In the shadow of the Michigan Avenue Lift Bridge, close to the Cobblestone District and across the Buffalo River from RiverWorks and the General Mills cereal plant rests one of Buffalo's most beloved attractions.
The Fireboat Edward M. Cotter is both a National Historic Landmark and Engine 20, a working piece of fire apparatus. The 118-foot-long steel-hulled boat, moored at 155 Ohio St. at Michigan, is ready to draft water from the river and train its five spectacular turret guns on waterside blazes, as it did at the spectacular Concrete Central fire of May 27, 2013.
From stem to stern, from the keel to the tower that raises the back turret gun about 15 feet off the main deck, the Cotter is a painted, polished, humming testimony to the skills of its crews through the years, including Captain John D. Sixt III and Jack Kelleher, fire department marine engineer. Besides those two Buffalo Fire Department employees, a group of volunteers tend to the Cotter and serve as crew when it goes out. Its supporters recently formed a new group, the Fireboat E.M. Cotter Conservancy Inc., to raise money to repair and preserve the Cotter.
Although the Cotter has been held together by constant maintenance work, it needs extensive repairs to its hull and engines and new propellers and shafts. The work is estimated to cost half a million dollars. The Conservancy and the City of Buffalo are discussing how to use money raised by the Conservancy to pay for these repairs and what resources the city might provide. The Conservancy has pledged to $25,000 a year to pay for the boat's upkeep.
The Cotter is valued as a working fireboat and as a museum that is open for tours by appointment. The boat is taken to the Port Colborne Canal Days Marine Heritage Festival every year to recall its response on Oct. 7, 1960, when the Cotter was called to assist with the Maple Leaf Milling Co, grain elevators fire. In doing so, the Cotter was believed to be the first fireboat to cross an international boundary to fight a fire.
The Cotter, which can pump as much water as about 11 pumpers, "is absolutely our first line of defense in case of a large industrial fire along the waterfront, the grain silos or any of the other industry there," said Fire Commissioner Garnell W. Whitfield Jr. "But don't forget all the residential development that is going on there too. Our waterfront is being developed as it's never been before."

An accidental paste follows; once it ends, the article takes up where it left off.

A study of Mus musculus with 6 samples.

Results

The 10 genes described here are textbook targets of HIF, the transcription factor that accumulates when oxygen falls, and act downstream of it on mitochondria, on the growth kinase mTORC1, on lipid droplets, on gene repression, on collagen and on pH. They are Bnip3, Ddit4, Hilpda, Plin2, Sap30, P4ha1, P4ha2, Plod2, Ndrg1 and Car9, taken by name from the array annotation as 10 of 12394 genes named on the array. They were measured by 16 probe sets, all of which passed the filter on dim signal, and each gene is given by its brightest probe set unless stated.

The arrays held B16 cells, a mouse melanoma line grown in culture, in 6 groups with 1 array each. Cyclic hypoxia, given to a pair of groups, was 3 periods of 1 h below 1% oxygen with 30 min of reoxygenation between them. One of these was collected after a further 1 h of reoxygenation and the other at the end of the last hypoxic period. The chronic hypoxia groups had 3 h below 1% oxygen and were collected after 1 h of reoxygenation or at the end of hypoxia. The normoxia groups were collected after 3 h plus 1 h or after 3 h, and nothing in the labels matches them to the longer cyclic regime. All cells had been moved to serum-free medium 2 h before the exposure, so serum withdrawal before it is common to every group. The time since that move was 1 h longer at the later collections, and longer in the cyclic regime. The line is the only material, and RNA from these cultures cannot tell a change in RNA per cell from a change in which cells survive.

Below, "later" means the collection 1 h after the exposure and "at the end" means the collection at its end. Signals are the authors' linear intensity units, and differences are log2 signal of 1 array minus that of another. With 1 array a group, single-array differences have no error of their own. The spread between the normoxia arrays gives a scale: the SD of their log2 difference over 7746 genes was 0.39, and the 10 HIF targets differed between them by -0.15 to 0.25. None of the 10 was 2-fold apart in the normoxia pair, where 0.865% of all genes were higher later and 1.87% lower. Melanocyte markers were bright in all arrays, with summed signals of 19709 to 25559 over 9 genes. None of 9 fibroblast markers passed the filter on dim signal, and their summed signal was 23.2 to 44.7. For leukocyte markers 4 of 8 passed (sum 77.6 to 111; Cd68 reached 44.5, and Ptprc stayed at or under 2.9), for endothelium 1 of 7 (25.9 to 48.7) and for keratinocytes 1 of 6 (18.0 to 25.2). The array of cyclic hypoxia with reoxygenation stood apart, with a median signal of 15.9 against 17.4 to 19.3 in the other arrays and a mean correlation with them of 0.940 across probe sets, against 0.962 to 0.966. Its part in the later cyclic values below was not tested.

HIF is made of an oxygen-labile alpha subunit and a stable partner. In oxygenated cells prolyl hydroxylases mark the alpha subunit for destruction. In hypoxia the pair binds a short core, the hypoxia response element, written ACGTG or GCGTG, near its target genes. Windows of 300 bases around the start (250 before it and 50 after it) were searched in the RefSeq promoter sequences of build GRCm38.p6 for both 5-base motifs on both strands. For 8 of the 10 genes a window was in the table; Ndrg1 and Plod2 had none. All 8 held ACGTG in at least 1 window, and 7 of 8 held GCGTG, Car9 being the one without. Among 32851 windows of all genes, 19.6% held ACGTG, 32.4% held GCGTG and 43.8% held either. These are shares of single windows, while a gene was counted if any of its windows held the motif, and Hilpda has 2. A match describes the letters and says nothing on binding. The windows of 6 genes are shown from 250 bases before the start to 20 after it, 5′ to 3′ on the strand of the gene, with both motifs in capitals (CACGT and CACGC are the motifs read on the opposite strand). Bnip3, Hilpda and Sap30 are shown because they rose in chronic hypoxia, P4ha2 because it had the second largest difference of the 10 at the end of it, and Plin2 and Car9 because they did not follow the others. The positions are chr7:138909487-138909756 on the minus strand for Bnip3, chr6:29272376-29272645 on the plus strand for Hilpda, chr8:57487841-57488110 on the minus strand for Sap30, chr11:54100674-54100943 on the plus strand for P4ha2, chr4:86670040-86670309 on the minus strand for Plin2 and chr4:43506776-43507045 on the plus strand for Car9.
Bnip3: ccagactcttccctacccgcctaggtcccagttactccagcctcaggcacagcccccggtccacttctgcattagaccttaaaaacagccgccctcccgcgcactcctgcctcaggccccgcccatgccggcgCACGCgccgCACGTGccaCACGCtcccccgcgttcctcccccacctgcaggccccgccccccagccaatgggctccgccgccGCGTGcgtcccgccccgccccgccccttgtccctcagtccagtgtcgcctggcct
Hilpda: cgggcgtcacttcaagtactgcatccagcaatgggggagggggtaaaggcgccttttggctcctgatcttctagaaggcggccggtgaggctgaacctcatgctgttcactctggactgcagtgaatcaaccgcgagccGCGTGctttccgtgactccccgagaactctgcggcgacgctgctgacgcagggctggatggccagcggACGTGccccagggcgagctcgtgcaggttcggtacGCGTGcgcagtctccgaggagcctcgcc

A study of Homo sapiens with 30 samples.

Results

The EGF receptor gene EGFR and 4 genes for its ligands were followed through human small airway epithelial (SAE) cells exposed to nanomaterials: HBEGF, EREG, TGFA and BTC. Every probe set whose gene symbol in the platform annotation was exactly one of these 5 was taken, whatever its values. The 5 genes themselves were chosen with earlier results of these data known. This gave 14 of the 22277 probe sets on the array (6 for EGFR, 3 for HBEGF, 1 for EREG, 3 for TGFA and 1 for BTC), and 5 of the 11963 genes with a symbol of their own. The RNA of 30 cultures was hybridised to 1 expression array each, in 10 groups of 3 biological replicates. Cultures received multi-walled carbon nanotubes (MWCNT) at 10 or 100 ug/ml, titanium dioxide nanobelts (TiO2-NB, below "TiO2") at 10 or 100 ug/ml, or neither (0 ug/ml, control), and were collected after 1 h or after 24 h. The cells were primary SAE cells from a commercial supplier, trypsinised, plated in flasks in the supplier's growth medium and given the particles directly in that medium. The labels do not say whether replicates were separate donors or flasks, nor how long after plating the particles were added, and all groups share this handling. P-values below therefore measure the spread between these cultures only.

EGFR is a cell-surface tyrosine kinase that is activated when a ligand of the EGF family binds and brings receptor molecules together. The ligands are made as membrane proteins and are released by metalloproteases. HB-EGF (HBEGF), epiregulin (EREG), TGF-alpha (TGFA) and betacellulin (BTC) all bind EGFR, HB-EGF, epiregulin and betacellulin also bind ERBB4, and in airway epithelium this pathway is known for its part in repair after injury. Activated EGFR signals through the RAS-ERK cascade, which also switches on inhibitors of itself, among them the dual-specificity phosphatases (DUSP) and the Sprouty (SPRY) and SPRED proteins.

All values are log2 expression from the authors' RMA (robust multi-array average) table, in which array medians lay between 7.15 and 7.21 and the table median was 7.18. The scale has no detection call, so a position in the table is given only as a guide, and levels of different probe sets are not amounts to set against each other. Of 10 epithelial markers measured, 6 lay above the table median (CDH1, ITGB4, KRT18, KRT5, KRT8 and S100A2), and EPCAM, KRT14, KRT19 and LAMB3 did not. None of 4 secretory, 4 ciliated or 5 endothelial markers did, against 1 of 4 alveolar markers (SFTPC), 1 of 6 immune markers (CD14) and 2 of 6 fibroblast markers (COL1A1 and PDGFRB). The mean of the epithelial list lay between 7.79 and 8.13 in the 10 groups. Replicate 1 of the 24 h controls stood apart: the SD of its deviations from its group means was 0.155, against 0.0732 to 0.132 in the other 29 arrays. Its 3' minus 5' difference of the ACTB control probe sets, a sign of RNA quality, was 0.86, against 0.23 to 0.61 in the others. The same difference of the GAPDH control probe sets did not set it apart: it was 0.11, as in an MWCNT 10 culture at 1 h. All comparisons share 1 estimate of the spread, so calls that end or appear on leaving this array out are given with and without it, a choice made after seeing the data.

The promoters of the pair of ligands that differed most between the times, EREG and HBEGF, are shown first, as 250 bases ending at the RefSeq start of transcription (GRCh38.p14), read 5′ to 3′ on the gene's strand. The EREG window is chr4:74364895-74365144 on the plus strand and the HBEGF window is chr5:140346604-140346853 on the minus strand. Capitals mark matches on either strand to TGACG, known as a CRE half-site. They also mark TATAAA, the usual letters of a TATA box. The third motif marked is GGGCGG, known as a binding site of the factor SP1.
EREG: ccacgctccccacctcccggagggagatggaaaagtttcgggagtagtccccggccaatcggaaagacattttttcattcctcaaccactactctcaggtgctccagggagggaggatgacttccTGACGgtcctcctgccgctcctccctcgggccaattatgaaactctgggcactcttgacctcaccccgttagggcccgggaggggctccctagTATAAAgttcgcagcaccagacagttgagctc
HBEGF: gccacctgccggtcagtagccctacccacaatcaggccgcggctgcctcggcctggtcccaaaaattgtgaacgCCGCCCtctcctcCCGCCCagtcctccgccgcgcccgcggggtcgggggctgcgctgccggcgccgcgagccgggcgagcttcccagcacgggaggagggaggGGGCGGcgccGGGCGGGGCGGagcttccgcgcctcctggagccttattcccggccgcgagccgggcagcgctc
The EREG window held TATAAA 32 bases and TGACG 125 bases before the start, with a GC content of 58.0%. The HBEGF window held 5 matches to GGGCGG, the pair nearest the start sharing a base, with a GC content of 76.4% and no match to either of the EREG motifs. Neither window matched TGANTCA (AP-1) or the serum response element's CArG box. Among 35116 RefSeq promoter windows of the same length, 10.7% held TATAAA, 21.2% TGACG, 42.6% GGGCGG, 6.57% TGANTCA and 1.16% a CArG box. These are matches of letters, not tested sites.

The Cotter also works as an icebreaker in winter and spring, clearing the Buffalo River and keeping ice from jamming the Cazenovia and Buffalo creeks and causing extensive flooding. Whitfield Jr. estimated that hiring an icebreaker to prevent flooding from those creeks would cost between $20,000 and $30,000 a day.
"As wonderful a piece of apparatus as it is for us, as historic as it is, don't diminish its importance as an icebreaker," he said.
Conservancy supporters hope to raise the Cotter's profile with visits to Canalside and other promotions as the boat's 116th birthday approaches next month. In the meantime, the Conservancy is selling an assortment of items, ranging from from T-shirts to Cotter charms and challenge coins cast from brass that was once on the boat. They are available from Wickenheiser by calling 741-9276.
It was built in 1900 and has had three names: the William S. Grattan until 1953, when it was briefly named The Firefighter, then renamed the Edward M. Cotter to honor the president of Buffalo Firefighters' Local 282. It is believed to be the oldest working fireboat in the world.
A group of volunteers is led by President Sanford Beckman, vice president Ron Endle, secretary Mark C. Butler and treasurer Charles Wickenheiser, and the group is supported by the Fire Bell Club of Buffalo, the Buffalo Fire Historical Museum, Union Local 282 and WNY Retired Firefighters. Cotter Captain Sixt, Buffalo Commissioner of Fire Garnell W. Whitfield Jr. and Local 282 President Thomas Barrett are ex-officio directors of the Conservancy.